Don’t make the mistake of thinking eProcurement removes the human element
Todays post is from Dave Wenig is the Senior Vice President of Sales and Services at SafeSourcing Inc.
Now that I’ve gone on my rant about the lack of etiquette that I have been observing recently, perhaps I should get off of that soap box and offer some suggestions.
In my previous posting, I outlined two issues as I see them. Here, I’ll offer some suggestions for each as food for thought.
- Return communication in a timely manner. As previously discussed, this needs to improve because we’re judging you from the minute we first contact you representing our customer the buyer. Your interactions with us are tracked and the customer sees them. If you don’t think that being prompt gives you an edge over your competition, you’re wrong.
- Communicate with courtesy and respect. Perhaps you have received our invitation to quote and you are not ready to decide if you are able to provide a quote. That’s alright! I might suggest that you reply by thanking the sender for bringing this to your attention and promising to review and reply again at a later date. What good does that do? First, remember that all of your interactions are being watched and tracked. There is a real live team of people who are focused on you and your competitors at the moment. Treat this like an interview process. Second, this will help the sender. At SafeSourcing, no response is not an answer. It’s our job to make sure our vendor partners have received the invitation to provide a quote and that we provide an equal opportunity to the invited participants. So, someone is going to have to keep emailing and calling to confirm that you have received the invitation and that you understand the buyer’s needs. Telling them that you have received it will allow them to focus elsewhere and to stop flooding your inbox and voicemail. It’s actually pretty easy to reply with a brief note, but many do not.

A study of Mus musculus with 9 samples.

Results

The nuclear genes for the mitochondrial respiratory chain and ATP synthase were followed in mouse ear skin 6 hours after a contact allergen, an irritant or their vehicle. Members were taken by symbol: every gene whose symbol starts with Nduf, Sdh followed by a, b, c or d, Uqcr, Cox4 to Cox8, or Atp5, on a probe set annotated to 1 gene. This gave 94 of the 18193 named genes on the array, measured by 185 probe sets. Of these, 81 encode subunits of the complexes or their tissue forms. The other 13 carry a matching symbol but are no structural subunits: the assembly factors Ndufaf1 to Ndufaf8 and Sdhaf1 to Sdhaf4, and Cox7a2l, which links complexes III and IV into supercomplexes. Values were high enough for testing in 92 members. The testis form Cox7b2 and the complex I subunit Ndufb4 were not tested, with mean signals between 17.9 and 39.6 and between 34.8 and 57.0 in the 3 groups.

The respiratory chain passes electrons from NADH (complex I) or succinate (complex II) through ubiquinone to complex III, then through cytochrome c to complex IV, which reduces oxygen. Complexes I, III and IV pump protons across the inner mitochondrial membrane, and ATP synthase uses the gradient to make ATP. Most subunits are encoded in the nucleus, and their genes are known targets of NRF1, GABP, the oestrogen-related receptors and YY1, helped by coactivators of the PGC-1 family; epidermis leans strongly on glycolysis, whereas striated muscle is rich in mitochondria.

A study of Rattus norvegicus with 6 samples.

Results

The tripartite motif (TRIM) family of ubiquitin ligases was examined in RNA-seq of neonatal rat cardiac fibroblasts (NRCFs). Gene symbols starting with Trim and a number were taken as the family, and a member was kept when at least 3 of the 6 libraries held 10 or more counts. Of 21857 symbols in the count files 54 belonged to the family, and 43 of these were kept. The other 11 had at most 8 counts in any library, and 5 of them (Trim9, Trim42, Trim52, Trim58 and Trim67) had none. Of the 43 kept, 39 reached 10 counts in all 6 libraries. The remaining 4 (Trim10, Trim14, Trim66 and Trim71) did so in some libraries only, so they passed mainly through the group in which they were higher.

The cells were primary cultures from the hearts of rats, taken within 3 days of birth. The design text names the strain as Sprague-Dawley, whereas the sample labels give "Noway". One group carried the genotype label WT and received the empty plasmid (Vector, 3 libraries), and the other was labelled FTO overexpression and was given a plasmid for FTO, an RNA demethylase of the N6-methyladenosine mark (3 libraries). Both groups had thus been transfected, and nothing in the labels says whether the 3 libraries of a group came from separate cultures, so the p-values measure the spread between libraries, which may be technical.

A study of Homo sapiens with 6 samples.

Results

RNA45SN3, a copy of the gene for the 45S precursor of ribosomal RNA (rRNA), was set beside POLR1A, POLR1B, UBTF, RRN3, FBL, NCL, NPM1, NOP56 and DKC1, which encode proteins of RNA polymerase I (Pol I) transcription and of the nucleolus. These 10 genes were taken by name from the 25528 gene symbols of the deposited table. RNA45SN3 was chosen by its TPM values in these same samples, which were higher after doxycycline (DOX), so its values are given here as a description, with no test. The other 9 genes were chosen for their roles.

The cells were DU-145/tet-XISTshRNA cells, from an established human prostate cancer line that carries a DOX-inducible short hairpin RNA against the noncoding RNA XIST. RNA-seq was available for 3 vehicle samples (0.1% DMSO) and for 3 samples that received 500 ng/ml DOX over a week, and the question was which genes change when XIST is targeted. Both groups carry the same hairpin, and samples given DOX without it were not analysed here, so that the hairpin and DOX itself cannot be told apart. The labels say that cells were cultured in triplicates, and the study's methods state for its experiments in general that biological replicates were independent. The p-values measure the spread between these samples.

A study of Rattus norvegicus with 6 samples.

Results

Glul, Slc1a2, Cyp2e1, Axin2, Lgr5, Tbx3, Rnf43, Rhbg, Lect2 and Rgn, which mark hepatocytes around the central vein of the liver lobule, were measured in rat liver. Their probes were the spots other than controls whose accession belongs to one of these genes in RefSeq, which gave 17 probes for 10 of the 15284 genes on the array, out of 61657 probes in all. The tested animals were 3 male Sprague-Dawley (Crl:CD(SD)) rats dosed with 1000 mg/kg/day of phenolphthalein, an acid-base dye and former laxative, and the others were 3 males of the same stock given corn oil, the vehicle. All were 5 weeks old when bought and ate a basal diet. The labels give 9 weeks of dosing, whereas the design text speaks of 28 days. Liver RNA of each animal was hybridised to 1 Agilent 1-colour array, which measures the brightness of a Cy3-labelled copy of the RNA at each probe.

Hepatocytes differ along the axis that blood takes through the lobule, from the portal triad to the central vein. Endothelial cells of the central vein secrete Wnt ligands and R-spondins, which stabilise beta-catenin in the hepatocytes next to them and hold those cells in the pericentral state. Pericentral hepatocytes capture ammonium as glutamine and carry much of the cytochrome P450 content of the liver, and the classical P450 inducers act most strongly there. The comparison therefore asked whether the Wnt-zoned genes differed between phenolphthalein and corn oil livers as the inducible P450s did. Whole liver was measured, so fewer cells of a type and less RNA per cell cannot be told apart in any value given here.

Also, remember that etiquette is a two-way street. At SafeSourcing, we do our very best to follow these same types of rules as a policy. We also try to encourage this type of behavior with our buyers. We always send thank you notes and we even ask every vendor partner for feedback. When possible, we strive to share notices of award and non-award to the vendor partners who took the time to provide quotes. This is the least we can do and we often do more. Remember, an RFQ is absolutely a human process. Yes, the process is facilitated by computer software but that does not mean we should forget how to behave and leave etiquette behind.
For more information, please contact SafeSourcing.